Lib Dem conference gives Clegg a get out of jail free card on the legal aid cuts

At the Liberal Democrat Spring Conference party members voted overwhelmingly against Ken Clarke and Lord McNally’s plans to cut legal aid by £350 million.


Last week the government received six significant defeats in the House of Lords over their cuts in legal aid – and yesterday at the Liberal Democrat Spring Conference party members voted overwhelmingly against Ken Clarke and Lord McNally’s plans to cut legal aid by £350 million in England and Wales.

Lord-McNallyThis is a very significant vote as the bill is at its halfway stage in the Lords. It throws the progress of the bill into chaos and there are serious doubts if Parliament will have time to pass this parliamentary year.

Liberal Democrats have voted to ensure their MPs and the party must now push government to undertake a number of key steps, including:

(i). Before undertaking any further changes to legal aid, commission an independent study on the overall cost to public funds due to the impact on other budgets and other government departments as a consequence of any loss of access to adequate legal advice by those with housing, immigration, employment and education cases;

(ii). Ensure proper consideration be given for the scope for savings to be made by improvements in Legal Services Commission decision-making and by reducing the costs of appeals by raising the quality of first decisions by public authorities;

(iii). Reject any changes to legal aid which lead to significant reductions in access to justice, a lack of sustainability of public funded legal services or false economies as a result of knock-on costs to public funds of cuts to legal aid.

We will watch with interest to see what Lord McNally will say when he returns to the Lords on Monday to debate the Legal Aid, Sentencing and Punishment of Offenders (LASPO) Bill. He has failed to get support for this bill from Tories, Lib Dems and Crossbench peers. Now his own party are telling him the cuts won’t work.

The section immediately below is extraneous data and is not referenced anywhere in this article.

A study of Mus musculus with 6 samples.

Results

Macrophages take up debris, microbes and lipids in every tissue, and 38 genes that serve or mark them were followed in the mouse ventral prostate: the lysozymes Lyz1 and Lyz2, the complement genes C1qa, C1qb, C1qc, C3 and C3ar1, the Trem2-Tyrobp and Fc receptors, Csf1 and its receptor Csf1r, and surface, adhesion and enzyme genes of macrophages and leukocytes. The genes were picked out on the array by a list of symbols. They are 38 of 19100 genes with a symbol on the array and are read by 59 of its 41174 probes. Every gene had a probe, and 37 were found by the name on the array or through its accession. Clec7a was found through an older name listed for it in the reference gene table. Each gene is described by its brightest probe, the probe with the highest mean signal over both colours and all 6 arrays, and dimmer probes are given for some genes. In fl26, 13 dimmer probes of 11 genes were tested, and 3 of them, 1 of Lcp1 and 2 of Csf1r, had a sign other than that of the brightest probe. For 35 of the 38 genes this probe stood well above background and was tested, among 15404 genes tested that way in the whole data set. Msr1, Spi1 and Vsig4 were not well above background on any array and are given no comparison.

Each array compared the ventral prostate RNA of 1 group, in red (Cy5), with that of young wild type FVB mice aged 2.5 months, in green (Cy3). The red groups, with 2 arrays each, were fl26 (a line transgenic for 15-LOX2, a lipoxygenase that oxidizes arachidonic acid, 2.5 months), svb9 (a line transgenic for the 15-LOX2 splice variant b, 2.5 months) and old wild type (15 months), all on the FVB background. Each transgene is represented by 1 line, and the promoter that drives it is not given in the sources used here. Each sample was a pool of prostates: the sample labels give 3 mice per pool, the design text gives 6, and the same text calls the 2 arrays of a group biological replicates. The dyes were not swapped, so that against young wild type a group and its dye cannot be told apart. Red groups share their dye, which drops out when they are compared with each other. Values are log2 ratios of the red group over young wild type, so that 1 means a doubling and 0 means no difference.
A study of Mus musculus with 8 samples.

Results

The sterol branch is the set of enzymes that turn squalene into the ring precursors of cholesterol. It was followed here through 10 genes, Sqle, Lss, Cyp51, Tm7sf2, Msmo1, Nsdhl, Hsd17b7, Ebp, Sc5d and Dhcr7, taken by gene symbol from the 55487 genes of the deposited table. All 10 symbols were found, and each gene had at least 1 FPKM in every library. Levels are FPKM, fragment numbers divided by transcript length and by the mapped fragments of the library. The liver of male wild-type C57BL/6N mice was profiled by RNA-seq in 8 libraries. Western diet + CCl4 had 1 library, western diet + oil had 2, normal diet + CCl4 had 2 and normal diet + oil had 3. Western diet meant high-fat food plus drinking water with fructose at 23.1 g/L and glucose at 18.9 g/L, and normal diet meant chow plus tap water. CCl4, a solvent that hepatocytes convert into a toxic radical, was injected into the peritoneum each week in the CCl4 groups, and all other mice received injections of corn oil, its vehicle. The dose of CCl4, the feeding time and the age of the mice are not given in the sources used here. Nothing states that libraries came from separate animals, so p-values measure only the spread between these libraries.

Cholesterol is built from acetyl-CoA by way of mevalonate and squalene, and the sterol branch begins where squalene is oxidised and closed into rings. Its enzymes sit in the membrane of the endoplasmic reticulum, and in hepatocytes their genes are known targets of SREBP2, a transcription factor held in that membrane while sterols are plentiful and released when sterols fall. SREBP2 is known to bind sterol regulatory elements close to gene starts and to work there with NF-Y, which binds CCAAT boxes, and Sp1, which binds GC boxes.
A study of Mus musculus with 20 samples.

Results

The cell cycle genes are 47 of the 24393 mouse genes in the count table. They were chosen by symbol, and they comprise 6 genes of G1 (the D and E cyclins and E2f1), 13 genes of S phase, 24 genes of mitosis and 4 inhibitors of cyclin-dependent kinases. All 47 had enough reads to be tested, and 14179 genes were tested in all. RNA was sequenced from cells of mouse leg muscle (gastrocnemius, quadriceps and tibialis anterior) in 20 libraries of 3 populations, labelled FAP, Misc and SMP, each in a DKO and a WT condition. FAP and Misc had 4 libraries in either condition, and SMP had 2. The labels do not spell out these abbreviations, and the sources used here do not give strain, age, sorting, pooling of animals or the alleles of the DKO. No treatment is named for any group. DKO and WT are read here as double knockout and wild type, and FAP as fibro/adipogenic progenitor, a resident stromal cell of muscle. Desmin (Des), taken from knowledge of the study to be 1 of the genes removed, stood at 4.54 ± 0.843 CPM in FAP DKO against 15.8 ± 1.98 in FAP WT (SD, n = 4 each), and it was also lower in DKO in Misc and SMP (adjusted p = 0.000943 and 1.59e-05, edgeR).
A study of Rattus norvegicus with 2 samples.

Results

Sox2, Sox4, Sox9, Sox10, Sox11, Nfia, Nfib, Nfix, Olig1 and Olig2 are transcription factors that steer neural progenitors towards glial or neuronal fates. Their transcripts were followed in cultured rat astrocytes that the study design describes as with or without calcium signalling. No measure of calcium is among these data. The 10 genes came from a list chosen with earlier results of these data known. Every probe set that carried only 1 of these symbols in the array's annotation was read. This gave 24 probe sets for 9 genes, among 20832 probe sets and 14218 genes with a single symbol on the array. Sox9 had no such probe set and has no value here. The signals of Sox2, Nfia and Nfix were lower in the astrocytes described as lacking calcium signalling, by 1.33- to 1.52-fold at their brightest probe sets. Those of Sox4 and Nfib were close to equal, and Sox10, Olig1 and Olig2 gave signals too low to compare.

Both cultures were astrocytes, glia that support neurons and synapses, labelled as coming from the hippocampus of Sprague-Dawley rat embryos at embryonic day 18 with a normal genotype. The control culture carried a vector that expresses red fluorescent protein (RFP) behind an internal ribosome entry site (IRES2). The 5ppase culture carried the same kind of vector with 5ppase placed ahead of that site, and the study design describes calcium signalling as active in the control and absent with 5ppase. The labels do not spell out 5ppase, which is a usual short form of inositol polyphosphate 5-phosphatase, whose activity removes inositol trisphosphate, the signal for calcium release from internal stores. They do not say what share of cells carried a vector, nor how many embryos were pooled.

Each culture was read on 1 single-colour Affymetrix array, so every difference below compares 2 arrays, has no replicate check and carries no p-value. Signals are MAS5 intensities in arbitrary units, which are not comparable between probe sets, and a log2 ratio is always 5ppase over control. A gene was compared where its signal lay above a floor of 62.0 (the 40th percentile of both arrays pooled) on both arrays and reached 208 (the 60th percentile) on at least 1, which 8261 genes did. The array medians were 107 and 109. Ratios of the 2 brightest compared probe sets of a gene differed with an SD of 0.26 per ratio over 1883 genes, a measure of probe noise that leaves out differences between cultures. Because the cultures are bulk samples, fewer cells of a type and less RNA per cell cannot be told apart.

It is a good opportunity for him to change his tune and stop pedalling his cuts which are based in pure fantasy.


See also:

Spotlight shone on legal aid cuts as Clarke urged to think again 9 Mar 2012

Khan: Clarke must listen to the Lords and save legal aid for the most vulnerable 9 Mar 2012

Financial and personal cost of legal aid cuts laid bare 7 Mar 2012

Osborne’s slashing of legal aid: Another false economy 10 Jan 2012

Poor and vulnerable will lose out most from Justice Bill 29 Jun 2011


This is a welcome development from the members of the Liberal Democrats and it will interesting to see if Tom Brake MP and Alan Beith MP will now work to make this bill better, and to see what Nick Clegg will do. We hope they will campaign against using financial privilidge to overturn all the votes in the lords.

The fact is the governments cut’s in legal aid will cost the taxpayer between £129 million to £372 million in knock on costs. The alternative we have presented to government is to save £390 million and still protect the most vulnerable.

On Monday and Wednesday Lord McNally will have to convince peers we have a ‘compensation culture’ in the UK so they support the Jackson’s Reforms for changes in ‘No Win No fee’. Some people have called this a charter for the insurance industry to make money. The government’s figures indicate that in the UK we have very high road traffic accidents making up a total of 80% of all claims while genuine claims for personal injury are only 20%.

Lords that will vote on Monday agree we have a very high level of road traffic accidents but that the government has taken care of this problem with legislation, so we do not need the Jackson Reforms at all. The legislation the government wants to pass will stop genuine claims for victims of clinical negligence. It will deny access to justice for millions of middle class, middle income voters.

As Des Hudson, chief executive of the Law Society, said:

“By removing the right to recover legal and insurance costs incurred under ‘no win, no fee’ deals, many owners of small businesses will be severely restricted in their ability to pursue bad debtors through the courts. Cash-strapped business and new entrepreneurs can’t afford to stand up for their rights and lose up to 25% of compensation in the process.

“That’s what ministers are proposing.”

If you believe these proposals are wrong then please support the campaign and Sound off for Justice.